An Associated Press story last week told of Americans driving fewer miles, after decades of driving more each year. It's all a big mystery, we're told, because the economy is growing.
"After rising for decades, total vehicle use in the U.S. - the collective miles people drive - peaked in August 2007. It then dropped sharply during the Great Recession and has largely plateaued since, even though the economy is recovering," the AP tells us (emphasis ours).
The economy is recovering (a given fact in the article) and somehow this does not translate, for the first time, into more driving. Suddenly, 2 + 2 = 3 and no one knows why.
Americans drive more in a growing economy because more people must get to and from jobs. We travel more for vacations, family reunions, business meetings, weddings and other activities that flourish during improving economic conditions.
To emphasize the mysterious nature of this disconnect between growth and transportation, the AP says this: "Gross domestic product declined for a while during the recession but reversed course in 2009. Auto use has yet to recover."
Maybe the oft-reported economic recovery and expanding GDP aren't real. Perhaps this recovery we hear so much about is an economic mirage.
The AP is correct about a growing GDP, the Department of Commerce indicator widely accepted as the most comprehensive barometer of economic health. The GDP has grown since 2009 and Thursday the government reported an annual rate increase of 2.5 percent in GDP for the second quarter of 2013.
Yet, unemployment remains above 7 percent. Wages are relatively stagnant for a "recovering" economy and years of record low-cost mortgage rates have barely afforded tenuous recovery in housing that includes only the highest-qualified buyers. Prices of nonproductive assets, including gold and silver, remain uncharacteristically high for an economy that's four years on the mend.
Despite a steadily rising GDP, Americans don't feel as if they've experienced economic growth - which may explain why they drive less. Maybe it's time for media organizations to scrutinize government's GDP compilation as a genuine indicator of economic health.
A major factor in the GDP is what economists call "velocity of money," or the number of times a dollar changes hands through transactions.
A high velocity of transactions means people have money, the cash has value and consumers are confident to spend. With steady GDP growth, we would expect to see corresponding velocity. The higher velocity would probably include more gasoline transactions, as common economic activity involves transportation.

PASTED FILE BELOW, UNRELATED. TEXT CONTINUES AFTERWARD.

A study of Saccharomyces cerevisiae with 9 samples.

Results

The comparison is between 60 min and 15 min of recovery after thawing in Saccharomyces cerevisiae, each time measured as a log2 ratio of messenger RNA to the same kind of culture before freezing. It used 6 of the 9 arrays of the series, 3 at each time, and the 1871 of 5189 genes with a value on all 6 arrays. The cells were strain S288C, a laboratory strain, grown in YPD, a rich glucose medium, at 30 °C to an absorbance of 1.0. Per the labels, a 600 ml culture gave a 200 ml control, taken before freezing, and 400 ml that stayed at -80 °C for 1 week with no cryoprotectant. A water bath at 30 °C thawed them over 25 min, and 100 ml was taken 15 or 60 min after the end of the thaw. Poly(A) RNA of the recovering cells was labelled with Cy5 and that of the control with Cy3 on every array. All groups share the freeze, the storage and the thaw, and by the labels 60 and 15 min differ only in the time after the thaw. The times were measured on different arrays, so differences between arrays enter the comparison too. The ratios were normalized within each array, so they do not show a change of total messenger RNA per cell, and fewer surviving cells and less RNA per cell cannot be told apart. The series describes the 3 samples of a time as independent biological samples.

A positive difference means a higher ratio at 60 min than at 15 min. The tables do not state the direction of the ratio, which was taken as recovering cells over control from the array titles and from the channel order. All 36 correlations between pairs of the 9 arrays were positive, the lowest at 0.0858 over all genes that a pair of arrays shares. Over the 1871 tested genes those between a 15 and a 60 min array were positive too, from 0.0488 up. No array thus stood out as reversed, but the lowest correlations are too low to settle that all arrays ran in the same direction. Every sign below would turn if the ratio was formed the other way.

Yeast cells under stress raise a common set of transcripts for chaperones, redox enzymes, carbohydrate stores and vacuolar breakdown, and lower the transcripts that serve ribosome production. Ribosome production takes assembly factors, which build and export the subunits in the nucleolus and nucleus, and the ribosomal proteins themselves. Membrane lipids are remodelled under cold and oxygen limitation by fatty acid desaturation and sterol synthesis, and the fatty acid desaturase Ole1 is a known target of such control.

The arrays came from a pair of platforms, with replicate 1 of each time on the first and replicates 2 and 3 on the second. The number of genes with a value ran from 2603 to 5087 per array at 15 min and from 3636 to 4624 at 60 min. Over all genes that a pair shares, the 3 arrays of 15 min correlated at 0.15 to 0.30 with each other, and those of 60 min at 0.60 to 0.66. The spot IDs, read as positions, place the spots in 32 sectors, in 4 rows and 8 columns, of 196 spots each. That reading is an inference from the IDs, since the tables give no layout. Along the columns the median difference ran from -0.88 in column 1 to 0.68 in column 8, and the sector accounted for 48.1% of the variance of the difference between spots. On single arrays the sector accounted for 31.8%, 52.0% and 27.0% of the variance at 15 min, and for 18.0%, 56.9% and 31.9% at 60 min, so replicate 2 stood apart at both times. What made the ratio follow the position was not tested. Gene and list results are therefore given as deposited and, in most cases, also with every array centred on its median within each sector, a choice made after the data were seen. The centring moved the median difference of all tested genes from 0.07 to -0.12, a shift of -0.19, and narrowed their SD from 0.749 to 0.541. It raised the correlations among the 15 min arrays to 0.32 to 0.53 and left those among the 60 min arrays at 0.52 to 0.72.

But the Federal Reserve's velocity chart shows a dramatic decline since 2009. In general, it means less economic activity among ordinary buyers and sellers. It means the economy, as it pertains to most individuals and businesses, isn't bustling with trade.
But the GDP doesn't measure velocity alone. It also gives extraordinary weight to the money supply. That means the GDP goes up with expanding government debt, government spending and inflation of the money supply. Since late 2008, just before the "recovery," the Federal Reserve began its experiment with quantitative easing in which the central bank creates money with the click of a computer mouse. Investors are invited to sell treasury notes, bonds and other safe government paper to the Federal Reserve. The bank buys the notes by crediting trading accounts of sellers. In doing so, at the urging of the Federal Reserve chairman, the bank's board hopes to stimulate lending and investments in elements of the economy that produce jobs but are riskier than government promisories.
With each new round of easing, the stock market has risen as a result of new capital - not as an accurate reflection of endeavors that create constructive goods and services in the market. Nearly every hint of an end or reduction to the program has resulted in stock market declines, with investors scrambling for the safety of nonproductive assets. Only time will tell whether this odd experiment at healing the economy can have lasting results in the form of constructive activities that create good jobs.
For now, we know quantitative easing - an inflationary policy that liquefies upper-echelon investors - has created the illusion of steady growth. It has not increased the velocity of market transactions, which means recovery hasn't reached a majority of Americans who create jobs when they buy and sell more goods, services and commodities.
That's probably why the GDP can grow at the same time Americans haven't the need or ability to drive more miles.